The $2.46 billion Oregon Transportation Investment Act of 2003 provides $1.3 billion to repair or replace hundreds of aging state-owned bridges in Oregon. This portion of the act is known as the OTIA III State Bridge Delivery Program. To deliver the program, ODOT hired Oregon Bridge Delivery Partners, a newly formed Oregon company. The private-sector program management firm a joint venture between HDR Engineering and Fluor Enterprises operates as an extension of ODOT, with oversight from the agency’s OTIA III Bridge Delivery Unit.
To deliver the bridge program in-house, ODOT would have had to fill approximately 600 new positions. Instead, the Oregon Legislature directed the agency to outsource the work, stimulating the state’s economy by creating and sustaining additional jobs for Oregonians. As a result, just 22 Bridge Delivery Unit staff members oversee OBDP’s management and delivery of the program. Although ODOT has outsourced work on projects before, this is the first time the agency has turned a program of this magnitude over to the private sector to manage.
An innovative and distinguishing feature of the state bridge program is a philosophy known as Context Sensitive and Sustainable Solutions, or CS3. The CS3 approach recognizes that the program is much more than repairing or replacing bridges. It is an opportunity to provide a comprehensive transportation solution that reflects Oregon’s values and responds to the issues that are important to Oregonians: economic prosperity and the safety and reliability of the state highway system.
To achieve this, five interrelated program objectives are merged under the CS3 umbrella: mobility, economic stimulus, diversity, environmental stewardship and public involvement.
Through CS3 and ODOT’s new way of delivering the work, the Oregon Transportation Investment Act is leaving a lasting legacy of enhancing quality of life for all Oregonians
Mobility: Traffic-management plans minimize disruptions at the program, corridor and project levels. The bridge program is ensuring the safety and reliability of the highway system for travelers and freight-haulers.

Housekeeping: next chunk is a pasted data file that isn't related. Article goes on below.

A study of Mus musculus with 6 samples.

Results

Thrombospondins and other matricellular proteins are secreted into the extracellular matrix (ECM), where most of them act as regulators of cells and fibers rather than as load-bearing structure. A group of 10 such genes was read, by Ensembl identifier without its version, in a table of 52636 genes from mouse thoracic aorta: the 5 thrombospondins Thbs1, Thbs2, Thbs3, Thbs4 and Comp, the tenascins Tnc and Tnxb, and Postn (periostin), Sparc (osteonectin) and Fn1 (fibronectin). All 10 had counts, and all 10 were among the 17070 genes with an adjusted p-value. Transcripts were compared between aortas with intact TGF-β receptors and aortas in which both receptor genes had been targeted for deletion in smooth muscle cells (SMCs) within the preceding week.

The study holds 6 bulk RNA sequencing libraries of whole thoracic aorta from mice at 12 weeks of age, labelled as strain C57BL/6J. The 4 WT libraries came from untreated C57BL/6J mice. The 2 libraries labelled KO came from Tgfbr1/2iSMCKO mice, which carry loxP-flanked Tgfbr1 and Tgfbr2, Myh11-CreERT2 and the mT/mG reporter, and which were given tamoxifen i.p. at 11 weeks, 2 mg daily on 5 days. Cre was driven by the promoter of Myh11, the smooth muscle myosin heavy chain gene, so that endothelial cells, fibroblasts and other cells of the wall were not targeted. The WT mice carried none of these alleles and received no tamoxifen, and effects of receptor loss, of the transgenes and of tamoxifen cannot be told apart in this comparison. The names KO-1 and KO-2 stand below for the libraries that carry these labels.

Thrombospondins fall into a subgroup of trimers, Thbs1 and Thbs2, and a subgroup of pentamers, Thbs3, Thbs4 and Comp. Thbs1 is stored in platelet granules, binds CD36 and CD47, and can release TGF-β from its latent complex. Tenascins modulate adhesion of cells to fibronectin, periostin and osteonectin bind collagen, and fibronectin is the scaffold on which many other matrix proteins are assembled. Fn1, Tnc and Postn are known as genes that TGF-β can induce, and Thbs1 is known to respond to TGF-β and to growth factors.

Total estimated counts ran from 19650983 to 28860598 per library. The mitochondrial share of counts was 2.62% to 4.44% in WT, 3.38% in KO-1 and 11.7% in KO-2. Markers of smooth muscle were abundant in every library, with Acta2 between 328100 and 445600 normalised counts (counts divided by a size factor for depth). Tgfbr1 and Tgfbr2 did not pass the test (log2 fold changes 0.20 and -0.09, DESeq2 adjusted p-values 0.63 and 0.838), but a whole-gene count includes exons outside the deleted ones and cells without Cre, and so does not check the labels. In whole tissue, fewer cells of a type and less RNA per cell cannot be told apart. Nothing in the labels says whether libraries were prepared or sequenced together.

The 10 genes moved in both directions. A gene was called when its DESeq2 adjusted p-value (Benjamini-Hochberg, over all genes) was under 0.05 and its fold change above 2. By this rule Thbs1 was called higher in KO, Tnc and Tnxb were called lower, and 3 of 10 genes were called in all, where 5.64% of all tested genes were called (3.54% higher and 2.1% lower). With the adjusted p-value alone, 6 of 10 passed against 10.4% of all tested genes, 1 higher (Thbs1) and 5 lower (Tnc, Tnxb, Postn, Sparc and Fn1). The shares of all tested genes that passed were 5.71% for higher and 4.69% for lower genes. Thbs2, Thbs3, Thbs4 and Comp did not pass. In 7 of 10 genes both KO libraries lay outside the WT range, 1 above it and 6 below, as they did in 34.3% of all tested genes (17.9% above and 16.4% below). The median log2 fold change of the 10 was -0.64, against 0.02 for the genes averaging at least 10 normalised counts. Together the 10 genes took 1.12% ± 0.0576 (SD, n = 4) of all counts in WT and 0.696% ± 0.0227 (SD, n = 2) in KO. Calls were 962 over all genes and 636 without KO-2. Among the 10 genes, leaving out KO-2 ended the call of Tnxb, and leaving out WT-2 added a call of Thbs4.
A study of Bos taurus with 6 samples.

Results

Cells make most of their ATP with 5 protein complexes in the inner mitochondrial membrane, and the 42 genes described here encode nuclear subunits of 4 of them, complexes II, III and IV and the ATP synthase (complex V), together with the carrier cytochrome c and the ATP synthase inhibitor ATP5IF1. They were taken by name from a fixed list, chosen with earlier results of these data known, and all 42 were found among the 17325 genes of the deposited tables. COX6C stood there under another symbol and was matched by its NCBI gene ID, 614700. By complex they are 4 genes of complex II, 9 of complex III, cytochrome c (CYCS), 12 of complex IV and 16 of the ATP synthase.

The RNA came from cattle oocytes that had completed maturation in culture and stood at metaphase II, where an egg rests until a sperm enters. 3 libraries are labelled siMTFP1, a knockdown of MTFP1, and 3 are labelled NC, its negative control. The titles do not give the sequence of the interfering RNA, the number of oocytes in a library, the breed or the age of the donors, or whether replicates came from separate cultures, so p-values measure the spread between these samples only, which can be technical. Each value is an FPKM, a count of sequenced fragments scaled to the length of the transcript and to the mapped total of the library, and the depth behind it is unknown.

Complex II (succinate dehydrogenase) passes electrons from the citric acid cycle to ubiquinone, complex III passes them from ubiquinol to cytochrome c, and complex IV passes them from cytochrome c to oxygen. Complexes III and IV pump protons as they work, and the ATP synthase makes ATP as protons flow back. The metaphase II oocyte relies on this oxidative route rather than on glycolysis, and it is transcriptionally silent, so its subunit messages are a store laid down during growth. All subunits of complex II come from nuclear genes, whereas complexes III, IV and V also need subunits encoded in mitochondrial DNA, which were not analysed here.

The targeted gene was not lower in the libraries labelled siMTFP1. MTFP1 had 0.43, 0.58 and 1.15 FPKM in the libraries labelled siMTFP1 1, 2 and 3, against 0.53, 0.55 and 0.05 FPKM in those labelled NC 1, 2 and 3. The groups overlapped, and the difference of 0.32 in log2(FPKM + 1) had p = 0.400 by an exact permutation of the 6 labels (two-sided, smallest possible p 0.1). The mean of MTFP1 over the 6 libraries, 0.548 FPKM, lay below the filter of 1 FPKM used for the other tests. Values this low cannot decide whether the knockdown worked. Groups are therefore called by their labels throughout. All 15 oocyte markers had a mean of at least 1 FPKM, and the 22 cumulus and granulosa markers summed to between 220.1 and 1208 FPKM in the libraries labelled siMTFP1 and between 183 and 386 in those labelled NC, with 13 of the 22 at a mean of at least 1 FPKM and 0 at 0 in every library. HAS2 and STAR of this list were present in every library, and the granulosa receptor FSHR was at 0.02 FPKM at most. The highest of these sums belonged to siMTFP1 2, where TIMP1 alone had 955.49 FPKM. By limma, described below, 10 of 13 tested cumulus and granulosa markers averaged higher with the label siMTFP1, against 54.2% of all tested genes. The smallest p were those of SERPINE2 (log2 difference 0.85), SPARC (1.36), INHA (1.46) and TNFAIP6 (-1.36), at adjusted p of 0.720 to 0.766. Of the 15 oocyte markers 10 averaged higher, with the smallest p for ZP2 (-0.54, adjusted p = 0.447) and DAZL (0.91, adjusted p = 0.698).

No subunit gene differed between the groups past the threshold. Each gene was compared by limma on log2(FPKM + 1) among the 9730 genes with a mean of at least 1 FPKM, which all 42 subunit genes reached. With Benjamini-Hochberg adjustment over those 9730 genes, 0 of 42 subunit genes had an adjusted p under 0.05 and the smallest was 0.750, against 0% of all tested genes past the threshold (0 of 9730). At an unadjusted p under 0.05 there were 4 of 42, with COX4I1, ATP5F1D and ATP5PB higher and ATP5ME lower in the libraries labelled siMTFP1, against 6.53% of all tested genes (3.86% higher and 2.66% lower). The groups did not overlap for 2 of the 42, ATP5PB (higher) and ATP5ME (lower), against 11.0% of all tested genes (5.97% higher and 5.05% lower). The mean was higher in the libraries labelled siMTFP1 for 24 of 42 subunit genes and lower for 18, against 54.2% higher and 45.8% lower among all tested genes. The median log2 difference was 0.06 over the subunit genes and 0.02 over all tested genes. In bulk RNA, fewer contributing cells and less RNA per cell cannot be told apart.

Economic Stimulus: The bridge program is estimated to sustain an annual average of 5,000 jobs over the life of the program. OBDP is grouping bridge projects into "bundles" of varied sizes so that Oregon’s design and construction firms can successfully bid on them. In addition to providing economic stimulus, bundling the projects speeds construction time, produces economies of scale and enhances mobility on freight and commerce routes.
Diversity: The bridge program offers a unique opportunity to strengthen Oregon’s economy by building diversity in Oregon’s workforce and contractor community. ODOT is promoting strategies that maximize the participation of women, minorities and emerging small businesses. The goal is to build a sustainable, diverse workforce that will continue beyond the bridge program. To achieve these goals, ODOT has partnered with other agencies and organizations to create Regional Workforce Alliances. The Alliances, located throughout the state, are recruiting and training employees for careers in highway construction-related fields. In addition, ODOT has launched a Small Business Initiative to work on reducing the barriers that women-, minority-owned and small businesses often face in doing business in the transportation industry.
Environmental Stewardship: With foresight and considerable effort, ODOT collaborated with numerous regulatory agencies to streamline the permitting process. Environmental performance standards have been set for the bridge program as a whole, instead of permitting each bridge individually. This early collaboration saved approximately 30 percent on initial design costs and shaved one to two years off of the construction schedule. In addition, many of the replacement bridges enhance environmental conditions and wildlife habitat, and ODOT has already been recognized for its initiative in preserving and enhancing the environment.
Public Involvement: All stakeholders are actively engaged to ensure that the bridges meet community needs and are a good fit for the environment. Workshops and open houses gather ideas from groups and individuals, and these ideas are considered during project design and construction.